Driving under the influence is a serious offense and has severe implications in every state, including Michigan. In Michigan, Operating While Intoxicated charges fall under either misdemeanor or felony categories. The categorization depends on several factors, including the number of past convictions and the severity of the situation.
When someone discusses a felony OWI, they refer to a more serious form of the charge, carrying more severe penalties than a misdemeanor OWI.
A felony OWI differs from a misdemeanor OWI
In Michigan, a first or second OWI offense within a seven-year period is typically a misdemeanor. However, if a driver commits a third OWI offense within their lifetime, it is a felony. If any OWI offense causes serious injury or death, it also counts as a felony OWI.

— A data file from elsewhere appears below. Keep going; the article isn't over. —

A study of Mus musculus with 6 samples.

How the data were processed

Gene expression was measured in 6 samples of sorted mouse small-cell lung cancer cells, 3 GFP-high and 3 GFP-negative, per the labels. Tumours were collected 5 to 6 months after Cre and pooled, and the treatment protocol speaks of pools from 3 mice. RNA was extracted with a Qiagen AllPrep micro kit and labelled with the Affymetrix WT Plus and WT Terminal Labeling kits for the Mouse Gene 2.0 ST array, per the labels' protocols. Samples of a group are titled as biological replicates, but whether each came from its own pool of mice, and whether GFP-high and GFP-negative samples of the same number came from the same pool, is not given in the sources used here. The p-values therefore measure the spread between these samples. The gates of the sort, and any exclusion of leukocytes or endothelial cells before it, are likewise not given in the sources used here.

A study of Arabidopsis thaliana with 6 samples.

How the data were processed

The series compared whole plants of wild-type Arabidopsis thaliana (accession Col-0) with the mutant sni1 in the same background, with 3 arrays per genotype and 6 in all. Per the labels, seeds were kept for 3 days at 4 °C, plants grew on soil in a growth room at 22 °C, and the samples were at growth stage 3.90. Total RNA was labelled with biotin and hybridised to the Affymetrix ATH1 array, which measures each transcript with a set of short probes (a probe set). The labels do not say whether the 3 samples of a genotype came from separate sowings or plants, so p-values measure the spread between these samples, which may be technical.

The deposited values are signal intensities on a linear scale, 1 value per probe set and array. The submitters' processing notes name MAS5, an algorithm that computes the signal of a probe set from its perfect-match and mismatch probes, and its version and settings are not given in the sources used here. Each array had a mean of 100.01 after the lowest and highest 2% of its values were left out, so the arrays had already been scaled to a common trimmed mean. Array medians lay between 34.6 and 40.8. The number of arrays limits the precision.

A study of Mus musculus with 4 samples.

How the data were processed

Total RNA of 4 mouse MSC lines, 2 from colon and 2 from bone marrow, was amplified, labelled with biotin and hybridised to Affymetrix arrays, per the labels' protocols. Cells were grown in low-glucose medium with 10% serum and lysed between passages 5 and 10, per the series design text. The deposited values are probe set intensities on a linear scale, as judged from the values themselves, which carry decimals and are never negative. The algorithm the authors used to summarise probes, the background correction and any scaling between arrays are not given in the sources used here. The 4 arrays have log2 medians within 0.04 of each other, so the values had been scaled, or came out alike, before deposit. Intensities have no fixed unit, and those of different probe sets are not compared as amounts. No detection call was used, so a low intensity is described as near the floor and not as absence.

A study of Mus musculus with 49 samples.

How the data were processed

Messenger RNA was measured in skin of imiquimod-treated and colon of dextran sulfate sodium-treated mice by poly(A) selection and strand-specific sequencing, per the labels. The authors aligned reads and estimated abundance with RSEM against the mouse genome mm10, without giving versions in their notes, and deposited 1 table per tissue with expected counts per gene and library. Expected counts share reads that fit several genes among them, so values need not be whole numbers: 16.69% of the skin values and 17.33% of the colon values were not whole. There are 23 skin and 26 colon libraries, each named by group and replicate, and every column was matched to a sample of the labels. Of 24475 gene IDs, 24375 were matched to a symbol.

Penalties for a felony OWI
The penalties for a felony OWI in Michigan are severe. Convicted individuals can expect imprisonment for one to five years or probation with a jail term of 30 days to one year. Additionally, they may face fines between $500 and $5,000, community service for 60 to 180 days and vehicle immobilization for one to three years. In some cases, the state may even seize and sell the defendant’s vehicle.
Impact of a felony OWI on driving privileges
A felony OWI conviction also significantly impacts driving privileges. Offenders face a minimum one-year driver’s license revocation and confiscation of their license plate. Following the revocation period, offenders must apply for a new license and might need to install an ignition interlock device.
Felony OWI and criminal records
A felony OWI conviction leaves a permanent mark on a person’s criminal record, affecting their employment prospects and quality of life. Employers, landlords and financial institutions often conduct background checks, and a felony conviction can result in adverse decisions.
Understanding the gravity of a felony OWI in Michigan and its potential impact on one’s life can help underscore the importance of not driving when intoxicated.